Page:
Taste the West! Wiles introduces delicious wild edible plants and flavors you’ve probably never considered before.” —Thomas J. Elpel, author of Foraging the Mountain West and Botany in a Day “A stunning look at the natural abundance of the mountain states—with clear guidance on identification, gathering techniques, and uses for fruits, leaves, roots, and flowers.” —Jennifer McGruther, author of The Nourished Kitchen “The Timber Press foraging series offers another set of books with high quality photography. . . . also available as handy Kindles.” —American Herb Association Quarterly “A very easy-to-use guide with beautiful clear photos for identification.” —Fresh Air Fort Collins “If you’re new to foraging, you’ll find Wiles’ hundreds of clear color photos and tips on how to harvest sustainably, garble, winnow, and avoid poisonous plants very useful. Even if you’re a seasoned pro, her thoughts on what to make with your findings will surely inspire. . . . fantastic suggestions for how to consume and preserve edibles in unique ways.” —5280
The Mountain States offer a veritable feast for foragers, and with Briana Wiles as your trusted guide you will learn how to safely find and identify an abundance of delicious wild plants. The plant profiles in Mountain States Foraging include clear, color photographs, identification tips, guidance on how to ethically harvest, and suggestions for eating and preserving. A handy seasonal planner details which plants are available during every season. Thorough, comprehensive, and safe, this is a must-have for foragers in Idaho, Montana, Wyoming, Utah, Colorado, eastern Oregon, eastern Washington, and northern Nevada.
Read an Excerpt
How can I forget my Italian grandfather’s love for food? He had a garden plot with a variety of grapes, figs, plums, eggplants, tomatoes, and peppers, all staples of his old country. I fondly remember feral pears and apples scattered on Grandpa’s dashboard. I can taste Grandma’s giardiniera and see the giant jars of pickles from the harvests lined up in the basement. I come from a family who loved to celebrate food, and those roots give me passion for everything I do. Whether it’s the garden I plant and feed my family from or the shrubs that I forage, I am connected to my family’s traditions wholeheartedly.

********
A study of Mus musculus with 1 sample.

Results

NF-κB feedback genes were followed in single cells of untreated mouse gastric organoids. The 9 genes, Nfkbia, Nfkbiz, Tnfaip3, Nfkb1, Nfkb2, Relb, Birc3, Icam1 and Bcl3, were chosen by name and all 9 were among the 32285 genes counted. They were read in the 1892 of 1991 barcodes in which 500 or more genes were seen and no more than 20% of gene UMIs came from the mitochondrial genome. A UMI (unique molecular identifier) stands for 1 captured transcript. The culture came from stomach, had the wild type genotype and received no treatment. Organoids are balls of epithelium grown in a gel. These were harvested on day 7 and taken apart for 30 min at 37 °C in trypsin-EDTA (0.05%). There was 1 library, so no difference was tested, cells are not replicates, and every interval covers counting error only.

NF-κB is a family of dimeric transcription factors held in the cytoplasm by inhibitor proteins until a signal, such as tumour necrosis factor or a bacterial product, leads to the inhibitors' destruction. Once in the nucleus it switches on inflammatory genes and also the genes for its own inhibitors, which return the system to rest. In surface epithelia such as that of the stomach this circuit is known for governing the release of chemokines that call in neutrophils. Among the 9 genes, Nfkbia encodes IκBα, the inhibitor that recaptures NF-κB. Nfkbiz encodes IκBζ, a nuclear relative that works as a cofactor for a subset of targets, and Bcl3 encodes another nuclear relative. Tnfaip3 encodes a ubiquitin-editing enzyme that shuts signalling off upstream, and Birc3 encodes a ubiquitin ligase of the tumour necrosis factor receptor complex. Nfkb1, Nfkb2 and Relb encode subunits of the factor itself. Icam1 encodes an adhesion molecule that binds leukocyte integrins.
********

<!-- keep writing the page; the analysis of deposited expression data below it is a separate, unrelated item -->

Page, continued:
Foraging for food has a feast of fans already. A movement is happening to rewild, regain, and revolutionize our tarnished food system. We want to eat local produce and to know where our food comes from. This can mean getting to know local farmers, food producers, and ranchers. We can also empower ourselves by being gatherers and heading into the woods, not just for the free food but also for respite. Foraging is about returning to the land with humbled hands. Let’s learn to take the time to sustainably prune the plants of the forest, spread seeds of the fields, and ensure the success of native plants by tending nature’s garden.
There is something to be said for spending time in nature, with keen eyes, a slow pace, and a soft impact. It betters us as humans to connect our feet and fingers with the matters of the earth in a way that brings us nutrients. Just a pinch of wild in each dish is a success to celebrate, a way to start incorporating the freedom of foraging.
It is a true blessing to live in a rural town in central Colorado. Here, I am surrounded by different climates within an arm’s reach: moist mountains, arid sagebrush, and riparian havens. The sands of Utah and the metropolitan Front Range are only four hours away, providing me with yet another variety of plants not found near my home. I can’t help but always be prepared to make a few gathering stops on the way.
I chose the plants for this book based on my personal taste preferences and my experience with each plant as food. My wish is to provide the reader with the skills to seek out and harvest a plant with a sustainable mindset and then to preserve your harvest and prepare these feral foods for feast.
My hope is not that this book will sit on a shelf or table but rather that it will somehow land, open, in the hands of a bored child or an adult waiting anxiously for time to pass. When they leave that spot, I want them to greet the lamb’s quarters, dandelions, and salsify with an irresistible urge to pick a leaf and taste it. This is how foraging lures you in, takes hold of your whole being, and welcomes you to the wild side.